A System of Incentives?

May 21, 2007 at 1:42 am (Michael's Posts)

I’m reading this book Hospital by Sydney Lewis (as I mentioned previously) and it’s raising interesting questions. One of the things that came up today is how we get doctors to take care of poor people. The doctors’ testimonies in the book seem to indicate that the only way they got the system of care to work at County (at least in the 60s and 70s and 80s) was to employ a large number of interns and residents whose goal was to further their education by working at County. The idea was that if you could make it through County, you could make it anywhere. In the most sceptical light, it was a super resume boost. The overwhelming majority of them didn’t remain in practice at County and they didn’t remain in practice in the service of poor people, either. Now this may be the bias of the interviewed doctors (because they often did spend a lot of time there) but it also raises an interesting question: without plenty of money, how can you get quality people to provide care to poor people? What other incentives might draw people to these situations? Is the incentive of an education-in-the-trenches morally okay? I mean, are the people who are providing care in those circumstances doing so for the right reasons? Does that matter?



  1. Eli said,

    Since I now work for a public hospital, albeit not in patient care, this is something I think about too. I personally take pride in working for the hospital that attracts the “difficult” cases: the gunshot wounds, the child abuse cases, the HIV cases, and the largest share of uninsured patients. Clearly not everyone sees their training here (we’re an academic medical center) with the same public service dimension. I’ve heard third and fourth year medical students say that our hospital get the most “interesting” cases, i.e., expressing the “if-you-can-make-it-here, you-can-make-it-anywhere” attitude.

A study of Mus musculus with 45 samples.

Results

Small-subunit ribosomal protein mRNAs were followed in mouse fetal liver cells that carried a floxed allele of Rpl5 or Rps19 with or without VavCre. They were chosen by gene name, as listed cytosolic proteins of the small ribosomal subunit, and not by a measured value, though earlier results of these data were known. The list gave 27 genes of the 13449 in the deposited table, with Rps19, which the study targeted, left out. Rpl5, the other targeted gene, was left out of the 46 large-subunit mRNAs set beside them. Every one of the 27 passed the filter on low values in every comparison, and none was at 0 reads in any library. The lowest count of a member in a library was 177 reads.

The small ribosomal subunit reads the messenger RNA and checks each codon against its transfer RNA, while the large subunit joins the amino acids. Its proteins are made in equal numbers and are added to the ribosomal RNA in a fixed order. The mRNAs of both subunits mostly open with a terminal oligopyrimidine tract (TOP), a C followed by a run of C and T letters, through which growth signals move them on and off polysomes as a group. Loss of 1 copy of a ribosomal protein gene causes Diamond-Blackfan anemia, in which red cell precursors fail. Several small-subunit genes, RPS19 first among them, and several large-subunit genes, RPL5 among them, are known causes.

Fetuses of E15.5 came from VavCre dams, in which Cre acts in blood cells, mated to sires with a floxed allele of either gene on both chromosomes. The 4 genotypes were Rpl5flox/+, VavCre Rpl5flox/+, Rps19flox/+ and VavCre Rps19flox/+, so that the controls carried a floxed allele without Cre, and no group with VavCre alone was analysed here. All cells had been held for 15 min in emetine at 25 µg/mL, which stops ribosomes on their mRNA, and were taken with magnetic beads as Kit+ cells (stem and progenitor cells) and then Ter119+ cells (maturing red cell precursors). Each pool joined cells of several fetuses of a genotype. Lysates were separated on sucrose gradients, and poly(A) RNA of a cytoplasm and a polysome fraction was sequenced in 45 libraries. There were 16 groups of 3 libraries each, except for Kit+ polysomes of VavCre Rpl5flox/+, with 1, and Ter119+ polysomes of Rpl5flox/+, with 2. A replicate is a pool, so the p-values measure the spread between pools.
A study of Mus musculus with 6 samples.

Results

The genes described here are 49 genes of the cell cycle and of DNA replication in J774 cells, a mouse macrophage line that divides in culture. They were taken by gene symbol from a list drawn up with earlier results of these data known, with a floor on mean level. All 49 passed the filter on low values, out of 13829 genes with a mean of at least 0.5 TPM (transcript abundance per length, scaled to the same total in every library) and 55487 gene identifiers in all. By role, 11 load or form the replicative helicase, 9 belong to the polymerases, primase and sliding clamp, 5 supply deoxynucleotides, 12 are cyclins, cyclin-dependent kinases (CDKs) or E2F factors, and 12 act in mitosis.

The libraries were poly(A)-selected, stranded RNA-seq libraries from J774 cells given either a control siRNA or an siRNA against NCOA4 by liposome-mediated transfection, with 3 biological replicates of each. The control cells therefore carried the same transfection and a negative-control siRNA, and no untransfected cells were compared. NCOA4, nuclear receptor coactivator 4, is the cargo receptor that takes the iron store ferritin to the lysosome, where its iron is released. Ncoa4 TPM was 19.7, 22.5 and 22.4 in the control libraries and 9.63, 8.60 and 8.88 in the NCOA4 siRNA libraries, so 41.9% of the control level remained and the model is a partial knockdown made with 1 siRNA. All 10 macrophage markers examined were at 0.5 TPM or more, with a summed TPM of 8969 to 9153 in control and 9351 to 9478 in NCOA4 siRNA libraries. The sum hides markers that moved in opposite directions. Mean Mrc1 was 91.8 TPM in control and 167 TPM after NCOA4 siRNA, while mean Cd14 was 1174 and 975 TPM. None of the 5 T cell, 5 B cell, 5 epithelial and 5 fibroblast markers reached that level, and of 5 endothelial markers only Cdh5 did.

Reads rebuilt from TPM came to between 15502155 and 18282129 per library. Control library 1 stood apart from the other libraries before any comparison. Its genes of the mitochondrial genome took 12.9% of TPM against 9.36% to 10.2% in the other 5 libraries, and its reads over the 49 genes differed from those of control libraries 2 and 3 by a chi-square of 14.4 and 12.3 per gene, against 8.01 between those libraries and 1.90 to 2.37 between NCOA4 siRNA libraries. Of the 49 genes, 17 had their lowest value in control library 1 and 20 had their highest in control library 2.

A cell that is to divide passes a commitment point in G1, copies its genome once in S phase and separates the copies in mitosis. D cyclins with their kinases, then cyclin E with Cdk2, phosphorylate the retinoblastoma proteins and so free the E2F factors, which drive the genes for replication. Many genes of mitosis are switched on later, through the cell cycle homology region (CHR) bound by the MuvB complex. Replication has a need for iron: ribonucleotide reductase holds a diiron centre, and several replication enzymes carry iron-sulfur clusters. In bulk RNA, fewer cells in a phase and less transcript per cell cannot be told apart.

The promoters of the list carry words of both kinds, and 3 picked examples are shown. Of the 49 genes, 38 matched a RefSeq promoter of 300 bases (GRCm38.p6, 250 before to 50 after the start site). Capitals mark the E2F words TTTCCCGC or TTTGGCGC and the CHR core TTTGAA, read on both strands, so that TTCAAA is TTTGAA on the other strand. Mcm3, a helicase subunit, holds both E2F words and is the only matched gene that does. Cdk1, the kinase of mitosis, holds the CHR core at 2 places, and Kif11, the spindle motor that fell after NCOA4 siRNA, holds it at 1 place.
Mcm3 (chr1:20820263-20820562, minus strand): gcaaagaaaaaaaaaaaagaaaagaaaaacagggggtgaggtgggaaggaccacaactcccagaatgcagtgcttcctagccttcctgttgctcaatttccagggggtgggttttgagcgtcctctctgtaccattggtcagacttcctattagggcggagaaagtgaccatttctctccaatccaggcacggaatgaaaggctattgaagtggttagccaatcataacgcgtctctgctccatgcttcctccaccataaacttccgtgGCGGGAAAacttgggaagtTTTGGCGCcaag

I don’t think that attitude is necessarily in conflict with the public service attitude. Just because the residents use the “if you can make it here” reputation to their advantage doesn’t mean it’s the sole or primary reason they’ve chosen to work here. Plus, I think the public/profession should give them this respect. I mean, if the hospitals that serve the rich (i.e. the neighboring hospital here) had the reputation of being “the toughest,” then maybe we’d have to face the prospect of fewer people wanting to work for the poor people’s hospital. This reputation for toughness compensates for our hospital’s lower figures when compared to other area hospitals
    . Hospitals that take people who haven’t had regular preventative care tend to have higher death rates. That’s why our neighboring private hospital isn’t interested in seeing certain kinds of cases. So I say, give them the incentives. It makes the residents happier, and keeps them working for the poor.

  2. msoule said,

    That’s what a lot of the people in the book seem to be saying and I guess as long as quality care is being provided, it shouldn’t matter all that much. The challenge to survive in the environment of such hospitals does provide an incentive to residents to work there. It may also expose people to situations that awaken a response to the plight of the poor people they treat that might not otherwise be stirred. Following this idea, shouldn’t all health centers for the poor be operated by, or under the aegis of, university health programs? If they were, then this exposure factor would be raised many-fold. This idea was set forth by Rolf Gunnar, one of the former chiefs of Medicine at County, in Hospital.

  3. Mesothelioma said,

    poor people should be helped by providing them cheap health facilities!